Researchers studying rocks in India discovered chemical evidence of a series of rapid climate fluctuations during the greatest known mass extinction event, which occurred around 252 million years ago. Michael Brookfield of the University of Texas at Austin in the United States, along with colleagues in Taiwan, publish their findings and interpretations in the Journal of Asian Earth Sciences.
The extinction occurred at the geological boundary between the Permian and Triassic periods and is estimated to have eliminated more than 90% of marine species and 70% of land-based species. It is one of the most important events in the history of evolution, known colloquially as the Great Dying and academically as the Permian-Triassic Extinction.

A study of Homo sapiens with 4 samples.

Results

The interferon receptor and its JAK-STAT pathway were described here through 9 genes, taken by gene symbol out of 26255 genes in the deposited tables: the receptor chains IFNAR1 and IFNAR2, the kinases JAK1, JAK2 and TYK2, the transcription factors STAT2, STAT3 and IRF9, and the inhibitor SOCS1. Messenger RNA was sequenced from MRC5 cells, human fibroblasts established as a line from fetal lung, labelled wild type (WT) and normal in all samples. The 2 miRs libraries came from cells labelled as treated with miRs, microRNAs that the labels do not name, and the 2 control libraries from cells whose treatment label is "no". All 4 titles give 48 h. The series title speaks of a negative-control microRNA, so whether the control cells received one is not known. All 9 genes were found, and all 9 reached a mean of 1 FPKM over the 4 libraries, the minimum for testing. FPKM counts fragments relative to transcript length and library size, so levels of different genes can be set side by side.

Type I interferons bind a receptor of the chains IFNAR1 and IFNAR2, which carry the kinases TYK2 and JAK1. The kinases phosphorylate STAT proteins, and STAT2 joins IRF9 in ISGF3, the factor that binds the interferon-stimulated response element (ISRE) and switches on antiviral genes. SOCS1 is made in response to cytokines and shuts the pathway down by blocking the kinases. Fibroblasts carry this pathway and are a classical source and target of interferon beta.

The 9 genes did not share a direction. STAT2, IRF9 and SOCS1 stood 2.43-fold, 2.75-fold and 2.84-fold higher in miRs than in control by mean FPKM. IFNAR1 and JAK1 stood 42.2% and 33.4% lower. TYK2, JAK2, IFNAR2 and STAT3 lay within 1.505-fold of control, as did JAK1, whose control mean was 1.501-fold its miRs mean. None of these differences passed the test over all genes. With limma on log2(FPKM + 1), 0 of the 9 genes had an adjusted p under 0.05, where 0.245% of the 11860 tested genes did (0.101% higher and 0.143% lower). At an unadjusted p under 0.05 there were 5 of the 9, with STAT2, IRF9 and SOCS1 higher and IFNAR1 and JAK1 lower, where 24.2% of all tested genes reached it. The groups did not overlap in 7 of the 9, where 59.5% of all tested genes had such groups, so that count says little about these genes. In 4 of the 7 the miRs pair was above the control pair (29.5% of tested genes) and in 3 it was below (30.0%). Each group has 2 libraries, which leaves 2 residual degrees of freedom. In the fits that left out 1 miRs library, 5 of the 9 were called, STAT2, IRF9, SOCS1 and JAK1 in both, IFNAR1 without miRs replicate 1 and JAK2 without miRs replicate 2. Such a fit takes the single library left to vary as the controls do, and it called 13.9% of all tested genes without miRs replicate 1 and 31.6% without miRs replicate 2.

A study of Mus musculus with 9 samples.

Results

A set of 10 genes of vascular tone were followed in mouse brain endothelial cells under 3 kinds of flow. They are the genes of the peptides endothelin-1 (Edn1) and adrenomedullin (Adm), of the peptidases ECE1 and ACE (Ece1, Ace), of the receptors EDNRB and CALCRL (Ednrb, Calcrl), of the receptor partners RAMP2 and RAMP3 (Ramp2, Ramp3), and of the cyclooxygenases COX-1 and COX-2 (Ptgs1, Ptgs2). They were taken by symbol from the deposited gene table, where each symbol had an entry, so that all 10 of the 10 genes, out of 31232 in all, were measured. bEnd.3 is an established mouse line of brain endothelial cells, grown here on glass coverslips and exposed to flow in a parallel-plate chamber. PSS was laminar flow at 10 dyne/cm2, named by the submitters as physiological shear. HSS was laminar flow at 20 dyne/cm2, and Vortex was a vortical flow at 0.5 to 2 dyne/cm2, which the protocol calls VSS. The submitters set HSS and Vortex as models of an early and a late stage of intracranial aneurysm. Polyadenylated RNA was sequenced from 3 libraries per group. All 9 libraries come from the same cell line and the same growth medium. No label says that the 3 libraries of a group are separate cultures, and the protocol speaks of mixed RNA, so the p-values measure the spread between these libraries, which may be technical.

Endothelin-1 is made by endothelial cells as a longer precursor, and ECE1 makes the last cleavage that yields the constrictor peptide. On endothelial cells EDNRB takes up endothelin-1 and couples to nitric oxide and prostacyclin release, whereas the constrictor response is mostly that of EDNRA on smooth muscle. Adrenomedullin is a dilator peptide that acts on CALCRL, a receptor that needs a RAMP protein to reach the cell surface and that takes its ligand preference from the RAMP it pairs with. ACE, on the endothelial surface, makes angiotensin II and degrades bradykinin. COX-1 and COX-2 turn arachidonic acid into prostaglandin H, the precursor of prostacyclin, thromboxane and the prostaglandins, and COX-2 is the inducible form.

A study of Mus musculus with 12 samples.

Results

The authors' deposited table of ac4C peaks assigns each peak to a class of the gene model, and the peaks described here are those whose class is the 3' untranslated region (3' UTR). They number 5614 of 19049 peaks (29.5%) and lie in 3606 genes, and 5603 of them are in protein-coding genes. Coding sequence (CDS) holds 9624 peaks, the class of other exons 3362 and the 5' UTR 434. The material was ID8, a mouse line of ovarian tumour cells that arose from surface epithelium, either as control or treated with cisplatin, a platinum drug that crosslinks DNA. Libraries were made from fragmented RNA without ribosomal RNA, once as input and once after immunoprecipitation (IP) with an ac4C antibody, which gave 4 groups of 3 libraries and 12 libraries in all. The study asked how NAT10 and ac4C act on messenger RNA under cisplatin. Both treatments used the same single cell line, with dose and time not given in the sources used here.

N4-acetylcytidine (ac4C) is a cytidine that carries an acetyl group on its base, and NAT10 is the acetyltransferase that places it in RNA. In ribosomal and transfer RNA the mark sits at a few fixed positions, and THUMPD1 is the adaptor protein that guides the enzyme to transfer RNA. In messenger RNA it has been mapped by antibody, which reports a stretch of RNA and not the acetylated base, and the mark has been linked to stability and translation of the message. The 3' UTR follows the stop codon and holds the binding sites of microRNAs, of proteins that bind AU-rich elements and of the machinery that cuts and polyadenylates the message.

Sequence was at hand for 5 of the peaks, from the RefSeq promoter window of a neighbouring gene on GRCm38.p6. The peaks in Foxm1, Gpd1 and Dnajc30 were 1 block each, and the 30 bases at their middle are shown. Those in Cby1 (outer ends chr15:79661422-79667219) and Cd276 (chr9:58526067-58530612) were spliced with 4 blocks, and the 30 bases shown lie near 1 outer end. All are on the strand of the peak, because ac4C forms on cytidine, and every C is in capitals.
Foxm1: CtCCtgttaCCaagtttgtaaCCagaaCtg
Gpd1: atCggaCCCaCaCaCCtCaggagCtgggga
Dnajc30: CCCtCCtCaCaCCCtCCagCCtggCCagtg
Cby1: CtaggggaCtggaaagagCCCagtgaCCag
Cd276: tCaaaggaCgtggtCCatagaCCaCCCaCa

Planetary scientists and biologists interested in the causes and timescale of extinction are investigating various competing and sometimes overlapping theories. Their research could be relevant to the threat that human activity poses to the current diversity of species on Earth.
Brookfield and colleagues investigated variations in the levels of carbon-13 and oxygen-18 isotopes, which are specific forms of carbon and oxygen atoms. Carbon isotope levels are thought to indicate how much carbon was incorporated into living organisms, whereas oxygen isotope levels are thought to vary with temperature.
The team collected samples along a ridge in the Guryul Ravine in Kashmir, India, where rocks formed during the Permian-Triassic transition.
The isotope record suggests previously unknown large but geologically short-term fluctuations in temperature, thus climate, and biological carbon incorporation during the mass extinction.
The authors conclude that major extinction events were caused by climate-linked changes in the chemistry of the atmosphere and oceans, rather than physical geological changes as suggested by other proposals. Evidence of climate change’s ability to cause ancient extinctions may be relevant to the climate change issues we face today.